With the help and support of the Tennessee Medical Association, 21 Tennessee physicians of underserved communities joined together and retained Bass, Berry & Sims to file suit against the Centers for Medicare & Medicaid Services to stop improper collection efforts. Our team, led by David King, was successful in halting efforts to recoup TennCare payments that were used legitimately to expand services in communities that needed them. Read more

Tennessee Medical Association & Bass, Berry & Sims



Healthcare Transactions: Year in Review 2018Last year, CVS Health Corp. (NYSE: CVS) announced it would purchase health insurer Aetna Inc. (NYSE: AET) for $67.5 billion, a transaction that would be one of the biggest healthcare mergers in the past decade. The transaction raises an intriguing question: is this the beginning of a transformational shift in healthcare?

Recently, members of our healthcare group authored the Healthcare Transactions: Year in Review outlining 2017 M&A activity and drivers in the following hot healthcare sectors:

• Managed Care
• Hospitals
• Post-Acute Care—Home Health & Hospice
• Ambulatory Surgery Centers (ASCs)
• Healthcare Information Technology (HIT)
• Behavioral Health
• Physician Practice Management


Media Mentions

June 9, 2015

Bass, Berry & Sims attorneys Anthony (Tony) McFarland and Jay Knight lent their insights to an article in The Wall Street Journal on cybersecurity risk disclosures. As outlined in the article, while the U.S. Securities and Exchange Commission (SEC) has previously issued guidance on cybersecurity risk disclosure, many companies are uncertain on how to proceed when there is a question of what should be included on their 10-K statement. For example, what are the benefits of fuller disclosure and will disclosing more help the business if investigated for a data breach? Tony, chairman of the firm's Technology Committee, noted that companies should be prepared to make fuller disclosures, even on matters that are not necessarily mandated by state breach notification laws. "The SEC is becoming of the opinion that it is better to make disclosures if a company has had a number of incidents, even if they are not individually material, and even if that's not the perspective the company or its counsel would bring to the table in responding to a specific incident."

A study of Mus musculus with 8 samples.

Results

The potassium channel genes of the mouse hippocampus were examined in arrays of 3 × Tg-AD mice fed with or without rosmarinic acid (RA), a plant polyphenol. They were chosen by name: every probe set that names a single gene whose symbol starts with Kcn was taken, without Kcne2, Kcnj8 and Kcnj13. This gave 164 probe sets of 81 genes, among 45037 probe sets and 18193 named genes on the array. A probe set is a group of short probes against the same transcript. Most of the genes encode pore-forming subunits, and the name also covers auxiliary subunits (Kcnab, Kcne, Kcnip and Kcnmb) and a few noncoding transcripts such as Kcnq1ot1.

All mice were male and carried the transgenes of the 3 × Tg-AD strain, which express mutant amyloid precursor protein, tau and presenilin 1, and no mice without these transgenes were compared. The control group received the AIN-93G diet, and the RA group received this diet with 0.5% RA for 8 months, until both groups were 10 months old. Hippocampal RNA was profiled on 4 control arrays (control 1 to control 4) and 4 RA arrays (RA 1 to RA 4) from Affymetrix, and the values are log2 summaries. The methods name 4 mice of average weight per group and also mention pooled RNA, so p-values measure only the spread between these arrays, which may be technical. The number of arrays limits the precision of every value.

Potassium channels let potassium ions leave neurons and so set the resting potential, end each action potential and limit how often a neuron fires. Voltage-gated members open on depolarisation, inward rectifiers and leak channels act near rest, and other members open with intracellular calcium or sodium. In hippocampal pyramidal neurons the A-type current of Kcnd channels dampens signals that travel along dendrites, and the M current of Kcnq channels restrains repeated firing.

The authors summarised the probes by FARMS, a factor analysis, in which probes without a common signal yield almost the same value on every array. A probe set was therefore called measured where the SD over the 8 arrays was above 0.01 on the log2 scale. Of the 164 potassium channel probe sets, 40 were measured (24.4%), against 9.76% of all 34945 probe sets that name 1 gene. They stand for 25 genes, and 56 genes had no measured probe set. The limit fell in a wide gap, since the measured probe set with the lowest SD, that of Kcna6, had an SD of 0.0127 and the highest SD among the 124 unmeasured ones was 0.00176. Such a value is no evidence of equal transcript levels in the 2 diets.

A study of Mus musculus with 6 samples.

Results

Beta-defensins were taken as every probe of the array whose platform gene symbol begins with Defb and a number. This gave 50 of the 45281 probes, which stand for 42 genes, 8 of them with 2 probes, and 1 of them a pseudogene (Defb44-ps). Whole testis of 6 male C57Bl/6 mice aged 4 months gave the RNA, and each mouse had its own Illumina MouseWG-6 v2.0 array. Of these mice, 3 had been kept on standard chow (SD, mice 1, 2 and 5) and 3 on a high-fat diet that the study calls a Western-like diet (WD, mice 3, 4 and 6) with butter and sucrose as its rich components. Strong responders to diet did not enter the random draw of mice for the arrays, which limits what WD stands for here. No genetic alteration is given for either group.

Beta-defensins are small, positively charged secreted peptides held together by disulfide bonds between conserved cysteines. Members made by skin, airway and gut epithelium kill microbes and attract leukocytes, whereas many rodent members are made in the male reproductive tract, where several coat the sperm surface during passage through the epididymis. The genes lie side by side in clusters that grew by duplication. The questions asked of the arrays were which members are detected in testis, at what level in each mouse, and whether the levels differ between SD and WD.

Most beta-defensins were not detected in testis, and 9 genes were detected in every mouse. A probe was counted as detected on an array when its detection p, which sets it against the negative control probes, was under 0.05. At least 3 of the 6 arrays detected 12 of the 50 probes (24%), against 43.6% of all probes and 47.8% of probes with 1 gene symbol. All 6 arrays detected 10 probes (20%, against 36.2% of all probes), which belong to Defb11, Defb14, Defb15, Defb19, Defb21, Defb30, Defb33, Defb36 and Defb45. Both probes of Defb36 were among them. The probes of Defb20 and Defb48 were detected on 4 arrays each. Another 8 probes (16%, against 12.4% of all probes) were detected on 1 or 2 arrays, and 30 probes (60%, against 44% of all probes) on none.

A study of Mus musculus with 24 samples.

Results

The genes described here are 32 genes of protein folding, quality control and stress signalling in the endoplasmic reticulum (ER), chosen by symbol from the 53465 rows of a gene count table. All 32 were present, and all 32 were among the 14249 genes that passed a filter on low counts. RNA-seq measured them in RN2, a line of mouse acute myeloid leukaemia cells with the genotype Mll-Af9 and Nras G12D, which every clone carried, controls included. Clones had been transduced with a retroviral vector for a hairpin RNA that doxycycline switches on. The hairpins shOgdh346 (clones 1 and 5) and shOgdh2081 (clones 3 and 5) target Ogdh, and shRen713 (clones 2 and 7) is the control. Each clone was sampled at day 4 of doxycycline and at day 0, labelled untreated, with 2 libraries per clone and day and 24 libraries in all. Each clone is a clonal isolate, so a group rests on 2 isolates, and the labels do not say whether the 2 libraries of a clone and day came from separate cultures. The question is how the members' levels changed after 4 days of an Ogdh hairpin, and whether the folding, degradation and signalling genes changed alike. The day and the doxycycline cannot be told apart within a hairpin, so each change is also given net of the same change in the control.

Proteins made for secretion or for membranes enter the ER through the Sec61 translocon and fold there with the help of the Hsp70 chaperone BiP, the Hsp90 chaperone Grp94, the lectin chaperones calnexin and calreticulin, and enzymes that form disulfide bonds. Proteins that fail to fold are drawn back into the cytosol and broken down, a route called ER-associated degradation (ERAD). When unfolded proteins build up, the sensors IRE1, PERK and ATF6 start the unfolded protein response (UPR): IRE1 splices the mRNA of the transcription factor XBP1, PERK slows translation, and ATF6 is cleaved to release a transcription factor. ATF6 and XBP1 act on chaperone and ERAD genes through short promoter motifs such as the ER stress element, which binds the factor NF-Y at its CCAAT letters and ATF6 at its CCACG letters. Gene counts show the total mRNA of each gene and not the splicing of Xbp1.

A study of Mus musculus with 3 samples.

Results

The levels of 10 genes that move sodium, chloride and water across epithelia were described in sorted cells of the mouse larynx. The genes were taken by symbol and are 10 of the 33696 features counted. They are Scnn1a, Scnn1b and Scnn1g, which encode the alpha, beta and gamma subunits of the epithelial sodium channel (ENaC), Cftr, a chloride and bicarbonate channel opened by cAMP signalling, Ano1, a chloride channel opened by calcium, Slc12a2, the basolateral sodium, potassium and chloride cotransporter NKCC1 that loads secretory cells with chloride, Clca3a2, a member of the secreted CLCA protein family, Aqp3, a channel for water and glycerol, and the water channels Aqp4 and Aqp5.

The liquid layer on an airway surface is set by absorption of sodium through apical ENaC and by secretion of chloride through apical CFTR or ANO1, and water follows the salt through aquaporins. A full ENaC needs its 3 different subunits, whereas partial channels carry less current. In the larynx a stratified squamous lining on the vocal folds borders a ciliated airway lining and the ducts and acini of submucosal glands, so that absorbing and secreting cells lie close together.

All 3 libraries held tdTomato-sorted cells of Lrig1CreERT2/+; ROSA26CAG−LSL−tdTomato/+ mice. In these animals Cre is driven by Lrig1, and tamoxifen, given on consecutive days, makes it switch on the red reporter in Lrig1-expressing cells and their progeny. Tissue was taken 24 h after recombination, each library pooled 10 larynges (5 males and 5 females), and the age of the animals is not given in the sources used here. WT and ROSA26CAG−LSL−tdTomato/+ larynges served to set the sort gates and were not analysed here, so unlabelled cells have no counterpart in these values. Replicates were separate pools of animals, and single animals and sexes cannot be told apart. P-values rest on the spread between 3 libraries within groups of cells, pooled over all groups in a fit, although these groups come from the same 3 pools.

Jay, head of the firm's Capital Markets Subgroup and former SEC counsel, said that companies that have been subject to breaches are providing guidance for other companies, and that "best practices" for disclosure are based on industry. Tony added that this is a dynamic and fluid area, saying "This is an area where continual monitoring and diligence and being up to date is important, so you can make sure your own disclosures are accurate, up to date and within the range of other companies' disclosures in your industry."

The full article, "The Morning Risk Report: Cybersecurity Disclosures Are Risky Business," was published by The Wall Street Journal's "Morning Risk Report" on June 8, 2015 and is available online.

Content from The Wall Street Journal article was cited in the article, "SEC Suggests, But Doesn't Require, Full Disclosure of All Cybersecurity Risks," that was published by on June 9, 2015.